By: Sarah Colucci
Senior Mortgage Agent, Lic. M14000929
The Bank of Canada recently explained that investors (who can quickly refinance or cash out money from their existing properties) drive up the cost of property in Canada’s largest cities.
As a result, BoC expects that property prices will remain elevated and may even rise for the next little while; however, it also warns that home prices that rise this fast can expose the market to an abrupt correction.
Market corrections are suitable for house hunters, but they are bad for people who need enough equity in their property to refinance or obtain a second mortgage. Refinancing is the gold standard for things like debt consolidation or, as mentioned, tapping into equity to purchase additional property. It has also been a mitigating factor for those who experience unemployment or require a high-interest debt solution.
One of Canada’s significant issues with real estate and inflation is that market corrections can increase the risk of insolvencies. So while increasing property value is excellent for existing homeowners, it also fuels considerably more household debt that creates financial difficulties when and if the market is corrected.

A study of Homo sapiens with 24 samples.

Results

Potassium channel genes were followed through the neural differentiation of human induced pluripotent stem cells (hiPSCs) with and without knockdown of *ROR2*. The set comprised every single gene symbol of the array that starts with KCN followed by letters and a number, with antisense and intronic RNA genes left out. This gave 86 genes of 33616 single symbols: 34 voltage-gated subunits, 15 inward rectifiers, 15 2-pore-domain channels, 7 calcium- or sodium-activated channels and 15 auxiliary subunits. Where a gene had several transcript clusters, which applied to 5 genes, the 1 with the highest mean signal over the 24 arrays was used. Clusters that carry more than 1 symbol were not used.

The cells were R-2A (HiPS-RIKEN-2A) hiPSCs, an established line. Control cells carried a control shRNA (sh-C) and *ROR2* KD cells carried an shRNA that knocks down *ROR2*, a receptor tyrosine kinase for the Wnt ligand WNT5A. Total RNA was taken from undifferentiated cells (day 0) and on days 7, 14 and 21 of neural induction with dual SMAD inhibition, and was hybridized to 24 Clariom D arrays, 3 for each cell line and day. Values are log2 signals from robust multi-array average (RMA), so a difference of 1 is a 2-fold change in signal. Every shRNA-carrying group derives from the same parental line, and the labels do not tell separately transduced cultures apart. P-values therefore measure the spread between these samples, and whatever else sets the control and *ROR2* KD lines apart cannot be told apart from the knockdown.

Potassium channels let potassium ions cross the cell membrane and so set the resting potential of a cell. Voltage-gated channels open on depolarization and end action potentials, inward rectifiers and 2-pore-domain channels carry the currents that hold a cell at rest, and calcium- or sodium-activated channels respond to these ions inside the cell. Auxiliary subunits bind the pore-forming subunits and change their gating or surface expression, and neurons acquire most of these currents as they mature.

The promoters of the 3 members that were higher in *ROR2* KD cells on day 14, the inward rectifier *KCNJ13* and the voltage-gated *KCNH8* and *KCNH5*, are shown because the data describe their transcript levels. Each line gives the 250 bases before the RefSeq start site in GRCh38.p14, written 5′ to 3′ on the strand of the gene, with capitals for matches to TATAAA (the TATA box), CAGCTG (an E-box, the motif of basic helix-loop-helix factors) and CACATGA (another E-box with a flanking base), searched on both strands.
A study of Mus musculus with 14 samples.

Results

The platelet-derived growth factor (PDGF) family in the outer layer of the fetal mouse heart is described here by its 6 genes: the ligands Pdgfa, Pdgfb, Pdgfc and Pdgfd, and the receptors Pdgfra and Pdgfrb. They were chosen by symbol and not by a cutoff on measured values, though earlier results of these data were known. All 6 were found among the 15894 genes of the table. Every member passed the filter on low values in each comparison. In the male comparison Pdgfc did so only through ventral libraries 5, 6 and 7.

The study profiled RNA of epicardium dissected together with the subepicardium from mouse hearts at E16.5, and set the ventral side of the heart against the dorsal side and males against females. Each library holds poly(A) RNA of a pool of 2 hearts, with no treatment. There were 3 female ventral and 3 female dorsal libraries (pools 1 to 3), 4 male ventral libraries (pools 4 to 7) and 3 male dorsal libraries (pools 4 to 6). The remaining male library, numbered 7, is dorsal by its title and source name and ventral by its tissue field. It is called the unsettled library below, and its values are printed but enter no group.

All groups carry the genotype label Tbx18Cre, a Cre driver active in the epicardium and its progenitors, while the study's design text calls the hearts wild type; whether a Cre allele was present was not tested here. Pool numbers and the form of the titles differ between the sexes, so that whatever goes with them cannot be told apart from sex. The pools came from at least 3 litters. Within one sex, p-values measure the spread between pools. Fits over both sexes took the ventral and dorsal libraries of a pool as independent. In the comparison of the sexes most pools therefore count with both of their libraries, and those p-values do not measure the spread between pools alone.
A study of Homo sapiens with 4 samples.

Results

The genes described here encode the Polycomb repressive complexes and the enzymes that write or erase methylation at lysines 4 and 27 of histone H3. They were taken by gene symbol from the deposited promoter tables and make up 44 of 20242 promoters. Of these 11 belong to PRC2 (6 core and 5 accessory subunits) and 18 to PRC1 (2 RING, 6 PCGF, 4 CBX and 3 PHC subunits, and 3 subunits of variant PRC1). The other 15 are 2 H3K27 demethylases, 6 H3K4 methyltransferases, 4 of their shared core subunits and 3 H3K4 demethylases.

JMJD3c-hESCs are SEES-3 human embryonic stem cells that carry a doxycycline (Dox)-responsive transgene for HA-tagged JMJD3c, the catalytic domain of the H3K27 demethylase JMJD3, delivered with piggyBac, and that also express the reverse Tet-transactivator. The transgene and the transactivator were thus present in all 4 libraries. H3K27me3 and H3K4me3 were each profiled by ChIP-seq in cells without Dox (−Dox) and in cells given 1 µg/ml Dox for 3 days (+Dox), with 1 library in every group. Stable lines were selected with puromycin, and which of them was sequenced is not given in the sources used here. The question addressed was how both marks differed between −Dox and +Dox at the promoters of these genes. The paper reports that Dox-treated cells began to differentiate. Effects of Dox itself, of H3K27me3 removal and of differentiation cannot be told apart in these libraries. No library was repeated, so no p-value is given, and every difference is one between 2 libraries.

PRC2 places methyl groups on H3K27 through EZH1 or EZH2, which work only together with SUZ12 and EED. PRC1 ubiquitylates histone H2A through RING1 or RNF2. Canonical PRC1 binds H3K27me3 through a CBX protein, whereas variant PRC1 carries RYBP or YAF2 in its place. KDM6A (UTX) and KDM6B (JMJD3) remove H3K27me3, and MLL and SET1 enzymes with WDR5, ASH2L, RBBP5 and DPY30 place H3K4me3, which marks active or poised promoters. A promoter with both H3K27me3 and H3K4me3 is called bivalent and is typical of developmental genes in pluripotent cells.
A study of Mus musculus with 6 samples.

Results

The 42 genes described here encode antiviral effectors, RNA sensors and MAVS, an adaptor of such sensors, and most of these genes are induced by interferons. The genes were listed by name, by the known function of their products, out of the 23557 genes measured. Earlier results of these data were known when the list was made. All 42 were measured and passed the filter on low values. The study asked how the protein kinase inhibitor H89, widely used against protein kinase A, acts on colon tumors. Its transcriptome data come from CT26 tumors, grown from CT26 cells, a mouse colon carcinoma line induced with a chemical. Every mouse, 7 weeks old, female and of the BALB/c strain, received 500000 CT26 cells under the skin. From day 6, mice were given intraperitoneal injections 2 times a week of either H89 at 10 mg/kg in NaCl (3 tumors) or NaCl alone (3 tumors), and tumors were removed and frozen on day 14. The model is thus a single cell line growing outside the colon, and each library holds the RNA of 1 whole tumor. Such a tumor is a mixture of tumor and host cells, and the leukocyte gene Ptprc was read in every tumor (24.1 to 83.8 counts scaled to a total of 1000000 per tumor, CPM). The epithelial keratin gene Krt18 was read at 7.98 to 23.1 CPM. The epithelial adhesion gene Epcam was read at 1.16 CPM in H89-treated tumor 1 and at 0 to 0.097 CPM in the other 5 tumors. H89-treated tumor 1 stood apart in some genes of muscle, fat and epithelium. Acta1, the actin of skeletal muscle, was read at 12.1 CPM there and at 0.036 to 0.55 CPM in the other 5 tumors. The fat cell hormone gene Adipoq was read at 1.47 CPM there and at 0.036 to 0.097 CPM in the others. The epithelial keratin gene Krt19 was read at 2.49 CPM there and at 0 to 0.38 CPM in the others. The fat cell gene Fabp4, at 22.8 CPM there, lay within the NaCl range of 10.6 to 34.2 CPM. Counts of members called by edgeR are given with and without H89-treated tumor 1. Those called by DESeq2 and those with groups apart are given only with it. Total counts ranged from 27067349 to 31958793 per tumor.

Teranet’s new report shows that recent real estate purchases were made by those who owned at least one other property, increasing from just 10 percent of total buyers in 2011 to 25 percent in 2021.
On the contrary, the number of first-time homebuyers getting into the market is declining, especially since 2016 when the Mortgage Stress Test was introduced.
Concern Over Rising Interest Rates
While property prices are continuing to increase, so is the size of mortgage debt. A fundamental concern is payment shock if interest rates spike higher, which would leave borrowers vulnerable to bankruptcy or, worst case, requiring a power of sale.
There are also issues like rising unemployment rates and what that could mean if there are future waves of the coronavirus, which would create considerable ongoing financial instability.
Since many Canadian mortgage borrowers have increased their mortgages and have taken on secured lines of credit with larger credit limits, sudden corrections in the market may have severe consequences for some.
Currently, fixed mortgage rates are rising, and markets predict that variable rates will also begin to increase early next year.
Mortgage Edge, Broker 10680
Direct: (647) 773-4849
Sarah Colucci is a senior mortgage professional with Mortgage Edge, Ontario's leading independent broker house.